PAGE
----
Notes from the Lab: New Year, New ARAC Staff!

The ARAC superbug-fighting team is growing! We’ve recently hired a Ph.D. graduate student and three interns (current undergraduate GW students) to work on a number of research projects. From tracking how eating contaminated chicken can cause drug-resistant urinary tract infections to gauging if the human microbiome can protect people from dangerous pathogens, their research is grounded in finding real world data on and solutions to antibiotic resistance, one of the most pressing public health crises today.

We’re excited to introduce you to our newest team members! (Check out our previous stories on ARAC's research staff and our summer interns, who had such a great time, they decided to stay on for the school year!)

Dan Park, Graduate Research Assistant

Daniel is currently a Ph.D. student at George Washington University in the Department of Epidemiology and Biostatistics. Prior to joining GW, Dan’s research focused on pediatric pneumonia, including providing support for revised WHO vaccine dosing schedules for pneumococcal conjugate vaccines and novel diagnostics such as the use of digital stethoscopes in developing country settings to aid healthcare workers in the diagnosis and proper treatment of pneumonia. Dan received the M.S.P.H. degree in international health from Johns Hopkins University, Bloomberg School of Public Health in 2011.

Can you give us a general overview of the research projects you will be working on?

In addition to providing epidemiologic and statistical support to a variety of antibiotic stewardship projects, I will also draw from experience in accelerating uptake of life-saving vaccines through the translation of research into evidence based policies. My research will also focus on the upper respiratory and gut microbiomes; specifically, the identification and role of potentially beneficial bacteria in the upper respiratory microbiome, the impact of breastfeeding on the development of the respiratory and gut microbiomes, and the interaction between the gut and nasal microbiomes.

What's your favorite lab tool and why?

Probably a good marker. Organization and repeatability are foundational to lab work, and a good marker is a critical component of that process.

If you were a bacterium, which would you be?

I would actually be a virus. Something like the Enterobacteria phage T4 because I like the structure, or the influenza virus with its efficiency and adaptability. In general, I like how viruses bring us to question the definition of life.

Who is your microbiology hero?

John Snow (the father of epidemiology, not the fictional character!). He used simple tools and intuition to identify the source of a cholera outbreak, then immediately put it that knowledge into action by simply removing the handle to the water pump contributing to the outbreak.

Our three newest undergraduate interns are working on a project measuring changes in three key bacteria (E. coli, Salmonella and Campylobacter) on retail chicken meat sold in California and comparing those to the bacteria infecting people.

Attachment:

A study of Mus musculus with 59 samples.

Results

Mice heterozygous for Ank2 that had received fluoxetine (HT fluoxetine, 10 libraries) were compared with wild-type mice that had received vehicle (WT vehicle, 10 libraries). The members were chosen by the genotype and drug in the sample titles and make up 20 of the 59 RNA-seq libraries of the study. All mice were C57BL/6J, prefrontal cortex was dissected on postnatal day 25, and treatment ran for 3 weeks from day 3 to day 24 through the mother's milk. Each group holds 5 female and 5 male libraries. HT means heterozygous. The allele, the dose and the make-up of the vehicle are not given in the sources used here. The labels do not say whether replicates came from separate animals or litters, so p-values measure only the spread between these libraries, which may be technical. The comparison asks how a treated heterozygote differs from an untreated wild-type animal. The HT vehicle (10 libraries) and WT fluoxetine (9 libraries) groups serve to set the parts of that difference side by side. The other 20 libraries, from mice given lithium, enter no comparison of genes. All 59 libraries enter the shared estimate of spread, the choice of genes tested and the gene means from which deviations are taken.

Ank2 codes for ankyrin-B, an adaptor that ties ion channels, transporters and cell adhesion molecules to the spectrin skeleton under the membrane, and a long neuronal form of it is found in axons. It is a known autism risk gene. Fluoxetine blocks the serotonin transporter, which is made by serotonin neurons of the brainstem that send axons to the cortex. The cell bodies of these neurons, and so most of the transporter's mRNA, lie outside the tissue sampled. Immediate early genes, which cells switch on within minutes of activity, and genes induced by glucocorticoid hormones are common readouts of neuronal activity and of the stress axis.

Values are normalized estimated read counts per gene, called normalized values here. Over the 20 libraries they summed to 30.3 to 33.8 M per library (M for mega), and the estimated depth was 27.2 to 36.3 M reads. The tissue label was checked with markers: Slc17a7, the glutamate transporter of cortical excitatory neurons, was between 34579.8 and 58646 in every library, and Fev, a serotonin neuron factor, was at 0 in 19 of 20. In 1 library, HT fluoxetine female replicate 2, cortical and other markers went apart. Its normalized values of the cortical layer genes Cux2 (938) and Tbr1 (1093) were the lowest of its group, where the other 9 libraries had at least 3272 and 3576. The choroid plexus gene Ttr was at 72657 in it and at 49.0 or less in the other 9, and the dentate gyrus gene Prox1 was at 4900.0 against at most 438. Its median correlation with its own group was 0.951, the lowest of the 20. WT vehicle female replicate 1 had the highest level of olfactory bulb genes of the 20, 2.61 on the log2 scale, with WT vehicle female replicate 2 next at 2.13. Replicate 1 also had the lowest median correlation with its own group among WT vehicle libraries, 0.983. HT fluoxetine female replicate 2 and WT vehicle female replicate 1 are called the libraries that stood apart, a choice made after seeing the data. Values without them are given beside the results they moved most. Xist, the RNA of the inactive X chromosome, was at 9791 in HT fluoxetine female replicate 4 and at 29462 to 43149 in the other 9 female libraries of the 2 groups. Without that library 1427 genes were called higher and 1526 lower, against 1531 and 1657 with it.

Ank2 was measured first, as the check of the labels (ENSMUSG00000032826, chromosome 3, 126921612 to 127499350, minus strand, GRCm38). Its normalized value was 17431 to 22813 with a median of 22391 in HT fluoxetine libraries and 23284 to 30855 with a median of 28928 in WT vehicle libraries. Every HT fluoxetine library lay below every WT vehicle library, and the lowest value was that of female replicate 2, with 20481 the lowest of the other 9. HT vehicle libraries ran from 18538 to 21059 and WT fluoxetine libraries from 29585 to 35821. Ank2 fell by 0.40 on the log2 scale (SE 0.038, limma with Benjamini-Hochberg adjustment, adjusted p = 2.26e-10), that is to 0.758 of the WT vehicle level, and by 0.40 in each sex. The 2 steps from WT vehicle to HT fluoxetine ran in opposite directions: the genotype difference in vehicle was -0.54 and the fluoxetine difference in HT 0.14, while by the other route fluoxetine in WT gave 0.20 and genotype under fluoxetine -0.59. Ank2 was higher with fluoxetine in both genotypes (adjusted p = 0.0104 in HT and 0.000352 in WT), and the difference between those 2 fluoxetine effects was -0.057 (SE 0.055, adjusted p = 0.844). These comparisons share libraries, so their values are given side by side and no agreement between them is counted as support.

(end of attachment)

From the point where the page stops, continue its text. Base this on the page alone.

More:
Felicity Nelson is a senior from Los Angeles, California. She is majoring in Public Health with a minor in Business Administration. As she aspires to be an epidemiologist, she will be continuing her studies next year by working towards her Masters of Public Health in Epidemiology.

What’s your favorite part about working in the lab?

My favorite part of the lab is working hands-on in completing the scientific process instead of conducting research at a desk all day.

What's your favorite lab tool and why?

My favorite lab tool is the autoclave. I like how it seems so dramatic whenever it opens and closes!

Alexis Pracar is a senior majoring in public health. Her interests include speaking French, reading Jonathan Franzen, and going on DC adventures. She plans to pursue graduate school in biology with the hopes of unlocking the secrets of aging and the microbiome.

What’s your favorite part about working in the lab?

My favorite part of working in the lab is the feeling of working with a purpose. I think that antibiotic-resistant bacteria pose a great threat to human life on earth. I am very grateful to be able to contribute to research that may helps address this problem. I also love working with everyone in lab - we always have a few laughs even during mundane tasks (like labelling).

What's your favorite lab tool and why?

My favorite lab tool is the serological pipette! It makes all that pipetting go by quickly and precisely. I also enjoy the Spiderman walkie-talkie (although it's not an official lab tool) that helps us contact Remy when she's in her office!

Niyati Shah is a freshman at GWU, aspiring to be a Public Health and Political Science double major. She enjoys eating almond butter, drinking chai, and taking pictures of trees.

What’s your favorite part about working in the lab?

My favorite part about working in the lab is confluence streaking. It's quite therapeutic.

What's your favorite lab tool and why?

My favorite would probably be the pipettes.In high school,I worked with very basic, rudimentary pipettes. GWU has fancier pipettes and it's very satisfying to be able to use all of the fancier pipette's knobs and gears for a certain task.